Humankind has the technology, resources and capabilities to adapt to and help avert serious climate change and the crunch of a dwindling energy economy, if only the political will can be mustered — and it’s not just idealistic progressives who are saying so anymore.
In a recent report, the British non-profit Institute for Policy Research & Development (IPRD) claimed that, with targeted investments by world governments, solar power could become humanity’s main source of portable energy in 25 years or less.
The catch: “Spending priorities” must change — something that seems remarkably difficult even in the U.S., ostensibly one of the world’s most advanced democracies.
Starting with the assumption that hydrocarbon energy markets are dying and renewable energy tech is the inevitable future, the group calculated how much electricity humans consume today and how much growing populations are projected to consume by 2030.
What they found is that in 19 years from now, humanity will be consuming 724 exajoules (EJ) of energy annually. Today, that figure is about 39 percent less.
Figuring in the efficiency of today’s solar and wind power tech, they were able to model what it would take to rapidly replace the current petroleum power infrastructure with renewables.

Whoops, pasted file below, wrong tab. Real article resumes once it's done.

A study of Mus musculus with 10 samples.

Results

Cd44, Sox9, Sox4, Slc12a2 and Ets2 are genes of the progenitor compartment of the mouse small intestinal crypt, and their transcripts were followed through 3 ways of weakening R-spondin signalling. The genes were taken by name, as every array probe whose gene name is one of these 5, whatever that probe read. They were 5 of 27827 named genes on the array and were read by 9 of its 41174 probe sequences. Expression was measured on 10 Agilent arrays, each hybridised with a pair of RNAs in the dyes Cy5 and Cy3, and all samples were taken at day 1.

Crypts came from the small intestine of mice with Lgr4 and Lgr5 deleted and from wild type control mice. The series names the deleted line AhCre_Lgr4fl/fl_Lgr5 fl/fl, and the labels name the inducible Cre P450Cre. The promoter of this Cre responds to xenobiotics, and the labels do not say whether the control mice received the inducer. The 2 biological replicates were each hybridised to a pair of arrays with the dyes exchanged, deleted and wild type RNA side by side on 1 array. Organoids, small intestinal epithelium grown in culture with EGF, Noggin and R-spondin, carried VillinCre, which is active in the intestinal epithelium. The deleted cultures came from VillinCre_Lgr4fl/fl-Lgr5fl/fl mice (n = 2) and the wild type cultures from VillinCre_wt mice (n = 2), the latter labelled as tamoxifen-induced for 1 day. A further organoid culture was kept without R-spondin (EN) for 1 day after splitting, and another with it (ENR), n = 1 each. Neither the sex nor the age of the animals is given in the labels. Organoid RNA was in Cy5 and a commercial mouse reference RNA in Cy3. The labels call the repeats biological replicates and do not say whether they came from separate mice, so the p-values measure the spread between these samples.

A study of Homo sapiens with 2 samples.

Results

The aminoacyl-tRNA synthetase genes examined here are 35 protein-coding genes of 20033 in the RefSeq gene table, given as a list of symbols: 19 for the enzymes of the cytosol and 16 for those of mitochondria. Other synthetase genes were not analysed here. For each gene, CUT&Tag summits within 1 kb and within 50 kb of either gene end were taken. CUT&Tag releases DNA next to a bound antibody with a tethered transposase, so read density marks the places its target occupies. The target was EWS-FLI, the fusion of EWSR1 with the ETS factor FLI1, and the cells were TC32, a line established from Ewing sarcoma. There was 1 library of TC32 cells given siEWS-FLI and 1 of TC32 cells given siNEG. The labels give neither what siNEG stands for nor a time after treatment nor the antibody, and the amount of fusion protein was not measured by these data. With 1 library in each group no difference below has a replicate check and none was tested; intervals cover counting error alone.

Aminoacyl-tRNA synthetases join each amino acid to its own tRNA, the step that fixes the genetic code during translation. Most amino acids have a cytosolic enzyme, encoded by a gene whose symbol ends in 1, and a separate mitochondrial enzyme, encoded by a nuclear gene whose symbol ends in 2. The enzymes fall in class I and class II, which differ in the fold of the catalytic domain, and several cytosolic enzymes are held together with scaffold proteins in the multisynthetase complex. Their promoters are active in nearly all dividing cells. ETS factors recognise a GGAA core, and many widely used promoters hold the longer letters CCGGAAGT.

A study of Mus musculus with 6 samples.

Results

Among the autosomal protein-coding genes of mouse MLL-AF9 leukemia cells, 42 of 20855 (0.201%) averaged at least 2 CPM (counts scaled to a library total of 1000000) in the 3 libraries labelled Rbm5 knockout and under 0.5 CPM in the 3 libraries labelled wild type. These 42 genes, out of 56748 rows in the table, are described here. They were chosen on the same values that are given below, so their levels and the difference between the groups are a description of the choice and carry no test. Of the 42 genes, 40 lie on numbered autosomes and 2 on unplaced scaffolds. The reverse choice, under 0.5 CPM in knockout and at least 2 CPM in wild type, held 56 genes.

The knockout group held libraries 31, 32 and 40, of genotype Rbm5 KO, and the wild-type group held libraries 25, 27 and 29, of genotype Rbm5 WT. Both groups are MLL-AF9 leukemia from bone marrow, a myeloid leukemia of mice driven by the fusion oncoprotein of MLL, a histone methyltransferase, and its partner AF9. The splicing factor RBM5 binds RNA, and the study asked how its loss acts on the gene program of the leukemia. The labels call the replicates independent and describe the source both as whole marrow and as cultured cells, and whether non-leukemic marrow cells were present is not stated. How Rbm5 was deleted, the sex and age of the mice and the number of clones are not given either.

“We find that we can replace the entire existing energy infrastructure with renewables in 25 years or less,” they wrote, “so long as [energy return on energy invested] of the mixed renewable power infrastructure is maintained at 20 [percent] or higher, by using merely 1% of the present fossil fuel capacity and a reinvestment of 10% of the renewable capacity per year.”
IPRD researchers also claimed that “an annual contribution equal to 2% of the present energy fossil fuel capacity” would allow the mixed-tech energy infrastructure to grow along currently forecasted routes — quite the opposite of the fearmongering so often broadcast by the more traditional energy industry.
This would ultimately allow a distributed, peer-based clean energy infrastructure to scale outwards, providing enough electricity for every person on the planet to live at “high human development requirements.”
But it’s not all sunshine and good news from the IPRD.
“As optimistic as our findings seem, it would be misleading if we didn’t mention some of the potential roadblocks,” they cautioned. “We observe four potential obstacles to this transition. Firstly, we note that world governments do not seem sufficiently motivated to support a timely overhaul of the global fossilfuel based economy nor the creation of one that will be cleaner and more secure. In particular, the U.S. government projects that renewables will only account for 14% of the world’s total energy mix in 2035, with a minimum of 75% coming from fossil-fuels.
“We submit that sufficient political will and determination can overcome this resistance, just as in earlier eras when the stakes were set high enough—e.g., retooling the American automobile infrastructure for World War II armaments and racing to land a human on the moon.”
Whether or not the American people are up to that challenge, however, is another question entirely.